Treats that will do the trick

Deciding what to hand out on on Halloween takes a little careful thought


Today's trick-or-treaters are tomorrow's teenagers. So before you inspire a generation to return in a few years to egg your house, avenging the injustice of receiving horrible candy in their younger days, take some care when deciding what to hand out on Halloween.

Halloween candy is a peculiar item, as it seems like it defies the laws of time. Halloween candy trends are the same as they were 20 years ago. In fact, it might be inappropriate to even use the word trend in this situation, as trends are usually associated with new ideas or likes. So use a little common sense when purchasing candy for this year's festivities. Not that long ago, you, too, were a kid. What did you like? What did you wish you received? What did you hate? You should ask yourself all of those questions, as odds are you will be dealing with a bounty of leftover candy on Nov. 1.

So for those out there who are a little out of touch with what's hot in the candy industry and the minds of children, here is a small list of some of the best and worst candies to give out this Halloween night.


Any name brand chocolate treat These old time favorites are an easy "go-to" when shopping the candy aisles. Most everyone enjoys a Fun-Size Snickers bar or two and if the kids don't eat them, the parents probably will. Another good choice are Reese's Cups; the kids love the mix of peanut butter and chocolate, and dropping one or two of these in their bags will surely send them on their way with a smile.

Small packages of assorted fruit candies This is a solid staple of Halloween candy and leaves you with a lot of options. Generally, everyone enjoys a handful of Skittles, Sweet Tarts, Runts and the like, so very little thought is needed when purchasing a variety of these candies. The multi-colored candy pieces appeal to the ADHD-riddled children, and the sugar content should be high enough to keep their energy -- and their parents -- up all night.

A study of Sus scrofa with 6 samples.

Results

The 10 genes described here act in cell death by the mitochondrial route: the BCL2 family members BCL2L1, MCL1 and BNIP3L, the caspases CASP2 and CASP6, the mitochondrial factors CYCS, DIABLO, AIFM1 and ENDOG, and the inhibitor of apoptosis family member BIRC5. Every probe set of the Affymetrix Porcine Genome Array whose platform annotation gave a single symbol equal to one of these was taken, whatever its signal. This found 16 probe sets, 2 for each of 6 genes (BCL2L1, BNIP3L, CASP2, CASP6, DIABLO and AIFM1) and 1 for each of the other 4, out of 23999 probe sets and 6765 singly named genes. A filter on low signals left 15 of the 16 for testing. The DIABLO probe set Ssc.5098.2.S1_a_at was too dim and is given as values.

The Whistle Pop This delicious and musical treat is arguably the Holy Grail of Halloween night. A benefit of distributing these melodic lollipops is the satisfaction of knowing your candy not only made the child you gave it to happy, but it also forces the parents to listen to a butchered version of "Skip to my Lou" squealing out of a hard candy hole for the rest of the evening. The sucker actually comes with sheet music. Candy and entertainment, what more could a kid ask for?

Honorable Mention

Blow Pops: With a variety of decent flavors and bubble gum in the middle, this lollipop is twice the fun.

Candy jewelry: Kids love eating these wearable treats. They may even add them to their costumes before they get home.

Sugar Daddies: Eating one of these hard caramel suckers will keep a kid occupied for at least an hour. Their dentists won't appreciate the chewy treat, but the children surely will.


Candy Corn A waxy, multi-colored, triangular piece of staleness, Candy Corn is neither candy nor corn. Frankly, it's amazing that anyone ever thought people would eat these for enjoyment. They are the candy that friends, family, bosses and doctors sit on their tables around Halloween time as a gesture of kindness, spirit and tradition; but really they're saying, "Here, you eat these. I'll save the good candy for myself." The brittle staleness of every piece of candy corn I've ever tasted leads me to believe that the world's supply of Candy Corn was made all at once in 1955, and they've been milking the effects of inflation to turn profits. There must be some flailing candy factory that counts down the minutes until Halloween, when they ship out these horrible excuses for candy in hopes of clearing out their warehouse. They may be cheap, and they may be recognizable, but you may have some trick-or-treaters saying, "No, thank you." You'll find yourself with a bounty of useless treats, stocking them away until next year. Just like everybody else.

The black-and-orange-wrapped mystery toffee Two questions: Does anyone know what these are? Or who makes them? These forgotten step-sisters of the Mary Jane seem to be made of candy by-products, as if whatever ingredients fell to the floor or got cleaned out of the mixing stations at the Hershey factory were smashed together, re-melted and wrapped in a generic orange or black wax paper. Even the bags they come in are discretely labeled as if no sweets company in the world is willing to tarnish its good name with the bitter stickiness of these mystery candies. So do your neighborhood children a favor and steer clear of these candy impostors.